WASHINGTON, DC--With a healthcare industry striving to reinvent itself and the country in the midst of an election "unlike any in recent history," hospital leaders must embrace change to solidify their institutions' vital roles in their communities, leaders said Monday at the American Hospital Association's annual meeting in the District of Columbia.
AHA President Rick Pollack, pictured, emphasized healthcare leaders' role in advocating for patients as well as the AHA's desire to stay above the fray of divisive national politics.
"All of us have to have the ability to see change as opportunity and to act on it if we are to be successful," he said, adding, "we are less interested in moving left or right as we are in moving forward."
AHA members must help redefine the hospital by responding to two major forces shaping the healthcare industry, Pollack said: Demand for chronic care management and the rise of consumerism.
Patients with chronic conditions represent a major opportunity for cost savings, as they account for 84 percent of healthcare spending across all settings, he said. And costs also factor heavily into the reality of consumerism.
"We face a world in which patients have more of a stake in financing their care," he said. Not only do today's consumers not want to wait for anything, he added, but they are looking for both value and convenience.
Universal healthcare goals, challenges
To meet these challenges, some hospitals focus on population health initiatives, while others "focus exclusively on the very important care that takes place in our buildings," Pollack said.
But regardless of the approach individual institutions take, all providers share the need to work toward key goals such as universal health insurance coverage, solutions for the opioid crisis, the integration of mental and behavioral healthcare services, and support for vigorous antitrust review of the pending health insurer mergers.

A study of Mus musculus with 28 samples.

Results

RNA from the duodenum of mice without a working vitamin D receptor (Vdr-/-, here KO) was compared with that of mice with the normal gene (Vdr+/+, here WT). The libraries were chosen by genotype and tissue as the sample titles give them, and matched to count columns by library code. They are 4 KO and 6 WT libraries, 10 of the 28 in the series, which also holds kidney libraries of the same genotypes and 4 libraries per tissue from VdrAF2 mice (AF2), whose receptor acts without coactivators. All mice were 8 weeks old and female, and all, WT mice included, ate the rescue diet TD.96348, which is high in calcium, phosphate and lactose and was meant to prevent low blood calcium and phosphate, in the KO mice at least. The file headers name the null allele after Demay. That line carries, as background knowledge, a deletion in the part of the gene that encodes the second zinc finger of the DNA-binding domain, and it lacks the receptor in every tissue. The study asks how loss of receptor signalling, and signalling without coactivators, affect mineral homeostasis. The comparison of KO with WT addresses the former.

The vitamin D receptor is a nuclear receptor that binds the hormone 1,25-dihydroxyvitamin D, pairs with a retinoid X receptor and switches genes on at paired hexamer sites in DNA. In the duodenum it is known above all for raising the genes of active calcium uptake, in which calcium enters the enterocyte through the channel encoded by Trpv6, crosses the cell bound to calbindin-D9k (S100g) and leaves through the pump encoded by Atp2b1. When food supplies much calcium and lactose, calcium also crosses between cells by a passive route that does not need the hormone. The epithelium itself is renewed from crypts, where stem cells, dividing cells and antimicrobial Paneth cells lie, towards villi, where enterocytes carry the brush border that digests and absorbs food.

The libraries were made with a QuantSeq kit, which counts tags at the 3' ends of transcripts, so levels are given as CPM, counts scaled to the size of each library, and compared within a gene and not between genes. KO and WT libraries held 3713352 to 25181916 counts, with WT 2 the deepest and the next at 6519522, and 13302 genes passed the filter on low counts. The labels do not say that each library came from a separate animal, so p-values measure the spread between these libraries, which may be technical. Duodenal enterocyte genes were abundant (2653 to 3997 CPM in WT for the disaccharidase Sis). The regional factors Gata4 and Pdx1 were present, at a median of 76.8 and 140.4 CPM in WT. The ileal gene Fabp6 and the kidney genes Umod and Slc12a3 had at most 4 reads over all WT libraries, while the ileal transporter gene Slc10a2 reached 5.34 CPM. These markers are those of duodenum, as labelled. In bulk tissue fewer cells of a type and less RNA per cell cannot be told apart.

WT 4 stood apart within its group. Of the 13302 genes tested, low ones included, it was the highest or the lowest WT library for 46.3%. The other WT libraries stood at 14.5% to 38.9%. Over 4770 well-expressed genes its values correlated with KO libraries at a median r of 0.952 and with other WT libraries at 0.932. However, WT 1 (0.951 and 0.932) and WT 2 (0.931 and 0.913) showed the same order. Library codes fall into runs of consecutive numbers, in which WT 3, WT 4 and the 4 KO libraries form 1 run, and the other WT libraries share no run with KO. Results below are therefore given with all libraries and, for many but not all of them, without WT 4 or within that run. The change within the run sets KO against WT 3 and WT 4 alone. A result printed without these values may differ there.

Pollack also had strong words for an issue that's top of mind for patients, providers and even payers: what he deemed "arbitrary, unfair and outrageous" drug prices that he said are the result of "market manipulation."
However, the industry must do more than simply express outrage about drug prices, according to AHA Executive Vice President of Government Relations and Public Policy Tom Nickels. "Public shaming has been the approach so far," he said. "We need to take it to the next step."
Healthcare policies and politics
In terms of what to expect from Capitol Hill's approach to healthcare policy, Nickels noted that the 2016 election has had the effect of "freezing things in place" and led many to plan instead for 2017. To that end, he expects a largely predictable set of healthcare policies from Hillary Clinton, but said it will be "fascinating" to watch the policy positions championed by Donald Trump, whom he sees as having more moderate ideas than some of his GOP competitors.
House Speaker Paul Ryan, meanwhile, is likely to spend a lot of time on healthcare--particularly in the realm of Affordable Care Act and entitlement reform--when setting his legislative agenda, according to Nickels.
The focus on 2017 doesn't, however, mean that hospital leaders are not able to effect change in the shorter term, Nickels said, pointing out that the AHA recently executed a successful bipartisan and bicameral lobbying effort to get federal health officials to delay the release of their latest hospital star ratings.
What's more, healthcare professionals have taken a leading role in eliminating healthcare disparities through the AHA's campaign for healthcare equity, according to the Urban League CEO Marc Morial.
Indeed, the healthcare disparities gap continues to narrow, he said, but he challenged healthcare leaders to go even further.
"This requires new thinking and a collaborative approach," he said, which means looking beyond the walls of the hospital toward partnerships with community organizations.